Well over one-third of Americans have used cannabis to cope with burnout and stress, which has only worsened due to the COVID-19 pandemic, according to the findings of a recent survey.
Compiled by the cannabis company Verilife, the survey “United States of Burnout” found that 37% of respondents have used CBD to cope with burnout, and 39% have used cannabis for the same purpose. This was especially true for millennials for who already use cannabis – 93% of whom reported that they have used it to help relieve the symptoms of burnout.
And among those respondents who do not consume cannabis, 29% stated that they have considered using it to deal with stress and exhaustion.
The survey used a definition of burnout that describes it as “a state of emotional, physical, and mental exhaustion caused by excessive and prolonged stress.”
The respondents cited the COVID-19 pandemic as the main cause of burnout, followed by work, finances, politics, and the news. Verilife also surmised in a document accompanying the survey results that “doom scrolling” and the 24/7 news cycle have only made things worse, with 67% of respondents saying that they experienced burnout as a result of watching, reading, or listening to the news.
These findings are similar to those published by the Centers for Disease Control in August 2020, which stated that “during June 24–30, 2020, U.S. adults reported considerably elevated adverse mental health conditions associated with COVID-19. Younger adults, racial/ethnic minorities, essential workers, and unpaid adult caregivers reported having experienced disproportionately worse mental health outcomes, increased substance use, and elevated suicidal ideation.”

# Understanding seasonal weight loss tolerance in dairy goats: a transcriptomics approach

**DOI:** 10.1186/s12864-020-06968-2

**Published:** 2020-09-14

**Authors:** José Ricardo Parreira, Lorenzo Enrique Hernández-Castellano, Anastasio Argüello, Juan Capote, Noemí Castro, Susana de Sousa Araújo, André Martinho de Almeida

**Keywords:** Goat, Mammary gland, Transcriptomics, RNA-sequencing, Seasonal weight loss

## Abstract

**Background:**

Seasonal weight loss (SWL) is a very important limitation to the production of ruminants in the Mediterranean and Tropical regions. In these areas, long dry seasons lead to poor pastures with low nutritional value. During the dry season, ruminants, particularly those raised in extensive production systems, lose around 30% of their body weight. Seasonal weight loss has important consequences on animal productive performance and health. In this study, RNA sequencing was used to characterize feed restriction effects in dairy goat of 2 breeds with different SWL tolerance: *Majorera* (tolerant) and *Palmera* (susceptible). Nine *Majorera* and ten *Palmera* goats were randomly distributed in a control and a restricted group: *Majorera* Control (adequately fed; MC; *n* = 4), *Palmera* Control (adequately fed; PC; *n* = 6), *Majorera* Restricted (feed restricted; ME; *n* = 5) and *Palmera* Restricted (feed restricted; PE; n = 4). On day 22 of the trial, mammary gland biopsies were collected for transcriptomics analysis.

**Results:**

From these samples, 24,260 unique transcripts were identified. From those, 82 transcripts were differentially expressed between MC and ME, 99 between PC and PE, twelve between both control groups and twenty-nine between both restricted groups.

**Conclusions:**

The Verilife survey was carried out between October 5th and October 8th. It used the Amazon Mechanical Turk Survey platform to poll 2,024 Americans – of whom 47% were male and 53% were female. The median age of respondents was 38.
This is by no means the first survey to look at the role of cannabis in treating stress, anxiety, or burnout during the pandemic.
In November, SoapBoxSample published the results of a survey that found that 46% of all respondents said they have increased their cannabis consumption since the pandemic became a national crisis in the Spring of 2020. This includes during their regular work hours, which is obviously linked in no small part to the fact that so many people have been working from home this past year.
A study published in the Journal of Addictive Diseases in 2020 found that 91% of people with mental health conditions reported increased use of medicinal cannabis since the start of the pandemic compared to those with no prior mental health issues.
Research has shown that cannabis can be effective in treating anxiety, but it depends a lot on the individual. In addition, the biphasic effect of cannabis means that it can have radically different effects depending on the size of the dose. Those looking to treat anxiety with cannabis should start with a low dose first.